Ever been stuck in a classroom with no cell service?  How about trying to find Wi-Fi on a road trip or hotel?  There is a light at the end of the tunnel — a really bright light. The Federal Communications Commission (FCC) recently approved the use of free airwaves for public use. What does that mean you may ask?  It means that wireless Internet and cell service can now be broadcast over slightly lower frequencies for miles.

The lower frequencies mean longer range and better penetration of materials, such as concrete and metal, according to Digital News Report.

According to Engadget, companies like Google, Microsoft and Sprint are currently testing these frequencies to increase its ranges. Engadget also noted that the FCC is also scrapping its previous requirements for access to the airwaves, which will not only allow a larger number of companies access, but will also make it much easier to use.

What does this mean for students? It means better cell service across campus (including my dorm room, where my phone struggles to connect) and faster wireless Internet (around 15 times faster, according to Silicon Republic) not just at hot spots, but literally anywhere on campus. Anyone and everyone would appreciate that, whether or not they have an interest in technology.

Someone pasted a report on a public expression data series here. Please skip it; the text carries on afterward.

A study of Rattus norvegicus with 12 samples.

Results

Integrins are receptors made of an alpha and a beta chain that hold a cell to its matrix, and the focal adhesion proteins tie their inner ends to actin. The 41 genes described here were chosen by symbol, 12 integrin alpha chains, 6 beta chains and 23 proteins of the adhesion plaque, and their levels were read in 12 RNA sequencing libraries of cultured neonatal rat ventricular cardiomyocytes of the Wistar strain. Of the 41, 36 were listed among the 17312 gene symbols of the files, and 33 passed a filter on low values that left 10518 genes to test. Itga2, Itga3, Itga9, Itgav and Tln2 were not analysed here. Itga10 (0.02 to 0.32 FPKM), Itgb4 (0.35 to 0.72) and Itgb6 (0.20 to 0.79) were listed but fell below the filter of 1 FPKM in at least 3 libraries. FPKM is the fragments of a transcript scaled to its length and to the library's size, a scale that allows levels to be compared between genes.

Being a tech nerd, I can’t end this article without getting into the nitty-gritty stuff. Silicon Republic mentions that the frequencies between 50 MHz and 700 MHz have been opened for use, which is where old analog television used to sit. There were numerous concerns that the use of these airwaves would interfere with things like wireless microphones, TV broadcasts and other signals, but the FCC addressed this by setting aside two channels for exclusive use of microphones, Ars Technica said. The FCC will also be building an extensive database of channels and geolocation to help with categorizing and tagging frequencies to prevent interference.

I must say this is one of the best things the FCC has ever done and I eagerly await what will become of it. In a few years, I hope to be able to open my laptop and connect to the Internet on the 10-hour drive home to Phoenix, Ariz.

David Dynes is a computer engineering freshman.